The 7:29 Train

The 7:29 train is always 3 to 7 minutes late. By the time it reaches Manayunk, it’s about half full. Most of us getting on are under the age of 30 and almost all of us are caffeinated.

A couple weeks ago, I swapped my student ID for a transpass, thus beginning my daily routine on the train. I can’t really complain; my commute is about 20 minutes and I spend it listening to music or people watching.

I do a lot of the latter. I blame my qualitative research professor for instilling this fascination with observation in me. In her class, we completed a semester long project where we picked a setting to essentially people watch for over 20 hours. I picked Starbucks, of course, and although the setting was basic, my research conclusions were fascinating. I wrote my term paper on the notion of “familiar strangers,” the concept that complete strangers can become part of an informal community, just by routinely showing up.

I think I found my familiar strangers.

The 7:29 train has its own cast of characters, just as the Starbucks in Bryn Mawr did.

First there’s the delicate smoker. She always stands at the entrance of the stairway, smoking a cigarette and glancing at her watch. She wears light sweaters–exclusively in pastel hues–that compliment her lithe frame. Sometimes a black cursive black tattoo peaks out, right underneath her collar bone. Every day, I wonder what it says.

Then there’s the Bucknell wrestling coach. He usually gets on the train right ahead of me. His wardrobe consists of different Bucknell polos and khakis, and he carries a briefcase. He’s athletically built, as a wrestling coach should be I guess, and I mentally named him “Chad.” He’s probably named something less stereotypical. I should probably stop thinking in cliches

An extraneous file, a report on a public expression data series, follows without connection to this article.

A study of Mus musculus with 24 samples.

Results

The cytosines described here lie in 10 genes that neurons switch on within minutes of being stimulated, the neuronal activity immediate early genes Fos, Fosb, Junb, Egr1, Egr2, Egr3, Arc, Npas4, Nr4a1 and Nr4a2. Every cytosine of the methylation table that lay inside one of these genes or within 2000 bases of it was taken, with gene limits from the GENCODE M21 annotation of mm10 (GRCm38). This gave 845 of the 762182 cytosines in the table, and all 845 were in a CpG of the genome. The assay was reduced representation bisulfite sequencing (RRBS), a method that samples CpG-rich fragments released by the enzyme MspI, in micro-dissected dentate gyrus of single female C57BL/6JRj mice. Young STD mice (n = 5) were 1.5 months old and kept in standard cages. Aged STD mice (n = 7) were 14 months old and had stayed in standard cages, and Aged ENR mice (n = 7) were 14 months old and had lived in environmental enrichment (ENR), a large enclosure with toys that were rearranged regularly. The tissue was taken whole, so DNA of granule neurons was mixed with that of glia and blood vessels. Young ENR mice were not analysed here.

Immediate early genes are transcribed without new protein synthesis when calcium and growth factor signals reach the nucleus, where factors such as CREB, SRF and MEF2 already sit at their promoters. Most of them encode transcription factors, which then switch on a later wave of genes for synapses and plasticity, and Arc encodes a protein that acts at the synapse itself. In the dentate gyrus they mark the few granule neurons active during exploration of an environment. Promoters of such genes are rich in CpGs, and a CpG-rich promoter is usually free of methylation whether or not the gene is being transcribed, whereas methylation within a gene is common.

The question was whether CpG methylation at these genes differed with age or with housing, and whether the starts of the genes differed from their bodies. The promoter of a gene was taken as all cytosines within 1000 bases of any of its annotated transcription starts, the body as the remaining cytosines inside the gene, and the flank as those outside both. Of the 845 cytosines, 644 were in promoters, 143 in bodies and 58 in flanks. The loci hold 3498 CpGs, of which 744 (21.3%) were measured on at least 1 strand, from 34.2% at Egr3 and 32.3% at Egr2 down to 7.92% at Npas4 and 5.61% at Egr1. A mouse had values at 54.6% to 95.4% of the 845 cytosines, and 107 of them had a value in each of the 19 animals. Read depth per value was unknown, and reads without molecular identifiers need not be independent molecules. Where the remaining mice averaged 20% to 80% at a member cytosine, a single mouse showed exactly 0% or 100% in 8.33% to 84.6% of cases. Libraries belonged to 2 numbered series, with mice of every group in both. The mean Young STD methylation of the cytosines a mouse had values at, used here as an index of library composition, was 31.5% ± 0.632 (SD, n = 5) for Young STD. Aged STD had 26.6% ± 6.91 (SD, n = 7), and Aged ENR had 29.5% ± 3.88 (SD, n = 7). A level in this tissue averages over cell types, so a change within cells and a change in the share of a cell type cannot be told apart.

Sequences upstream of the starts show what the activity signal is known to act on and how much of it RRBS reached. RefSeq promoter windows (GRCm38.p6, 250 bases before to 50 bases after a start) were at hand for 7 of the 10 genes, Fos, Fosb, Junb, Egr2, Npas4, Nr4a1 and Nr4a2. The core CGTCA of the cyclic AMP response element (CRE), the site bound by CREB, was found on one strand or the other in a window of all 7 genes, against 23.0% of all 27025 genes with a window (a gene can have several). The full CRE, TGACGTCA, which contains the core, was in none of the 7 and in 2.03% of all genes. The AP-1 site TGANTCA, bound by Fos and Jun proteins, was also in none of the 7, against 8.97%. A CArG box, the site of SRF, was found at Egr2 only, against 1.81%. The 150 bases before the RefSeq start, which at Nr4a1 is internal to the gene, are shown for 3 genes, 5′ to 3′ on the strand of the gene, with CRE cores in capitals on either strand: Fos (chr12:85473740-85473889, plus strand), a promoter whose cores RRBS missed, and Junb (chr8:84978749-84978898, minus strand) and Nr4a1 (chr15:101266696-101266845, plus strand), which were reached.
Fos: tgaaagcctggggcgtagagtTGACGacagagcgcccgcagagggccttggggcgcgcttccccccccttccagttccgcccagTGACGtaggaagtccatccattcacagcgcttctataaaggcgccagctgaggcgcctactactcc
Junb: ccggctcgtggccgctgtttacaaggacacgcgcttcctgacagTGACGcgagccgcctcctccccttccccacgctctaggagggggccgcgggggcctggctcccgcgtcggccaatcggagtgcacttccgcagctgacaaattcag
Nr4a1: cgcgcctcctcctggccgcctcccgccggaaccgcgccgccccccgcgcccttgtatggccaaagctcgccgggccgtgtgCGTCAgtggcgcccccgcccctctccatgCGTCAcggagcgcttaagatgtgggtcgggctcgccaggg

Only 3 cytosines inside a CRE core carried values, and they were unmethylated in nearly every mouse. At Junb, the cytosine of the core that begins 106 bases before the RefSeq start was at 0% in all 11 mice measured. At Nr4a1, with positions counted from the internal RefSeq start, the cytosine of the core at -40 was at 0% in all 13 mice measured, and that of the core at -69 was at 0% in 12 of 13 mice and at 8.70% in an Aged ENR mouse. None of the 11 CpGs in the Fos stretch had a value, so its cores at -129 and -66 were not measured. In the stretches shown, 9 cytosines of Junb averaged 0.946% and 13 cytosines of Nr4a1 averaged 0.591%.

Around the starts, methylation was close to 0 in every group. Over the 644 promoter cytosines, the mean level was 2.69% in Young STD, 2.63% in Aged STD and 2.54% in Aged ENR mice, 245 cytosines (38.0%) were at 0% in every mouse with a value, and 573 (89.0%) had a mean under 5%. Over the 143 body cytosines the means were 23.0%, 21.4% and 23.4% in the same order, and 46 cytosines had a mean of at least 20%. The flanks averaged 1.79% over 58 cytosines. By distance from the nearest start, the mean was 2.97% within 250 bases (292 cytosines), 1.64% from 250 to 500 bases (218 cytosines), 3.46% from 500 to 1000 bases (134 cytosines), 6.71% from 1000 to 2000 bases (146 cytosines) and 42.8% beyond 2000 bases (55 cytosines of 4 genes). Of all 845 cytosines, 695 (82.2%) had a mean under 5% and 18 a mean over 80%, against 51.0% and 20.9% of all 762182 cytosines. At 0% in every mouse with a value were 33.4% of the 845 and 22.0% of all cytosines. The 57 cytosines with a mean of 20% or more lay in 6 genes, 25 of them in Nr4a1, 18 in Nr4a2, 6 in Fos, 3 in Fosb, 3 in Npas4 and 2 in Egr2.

I like to sit by the door, as does a blonde woman who loves to read her Kindle. Her Louis Vuitton bag has a handmade string bracelet attached to it and she gets off at the same station as me. Every day, without fail, she digs out her wallet and selects a number of bills and a specific amount of change before our stop. Once she gets off the train, she goes to Dunkin’ Donuts, presumably to get her regular order. I bet she’s a latte kind of gal.

The serious ticket master always comes around after the third stop and makes it a point to tell everyone that tickets are cheaper to buy at the station. Two business girls from Penn State usually have the best clothes and gossip in hushed tones all the way into Philly. Sometimes there’s a little boy, whose sneakered feet don’t touch the ground, and his mom lets him hold a metal Starwars lunchbox that holds a variety of  action figures.

These are my familiar strangers. They’re part of my routine and I notice when they’re gone.

Sometimes I wonder what they think about me. Maybe they notice the brunette girl who rather wear flip-flops than flats, new to the working world but a Starbucks enthusiast, the newbie to the train who’s just trying to fit in. Or maybe they don’t notice me at all, because I am after all, a stranger. 

To everyone else in the world–and maybe to one another–the riders of the 7:29 train are just passerby’s in the commotion of commuting. But to me, they’re part of my daily routine and now part of my story. I may never meet them, but they mean something to me just because they show up.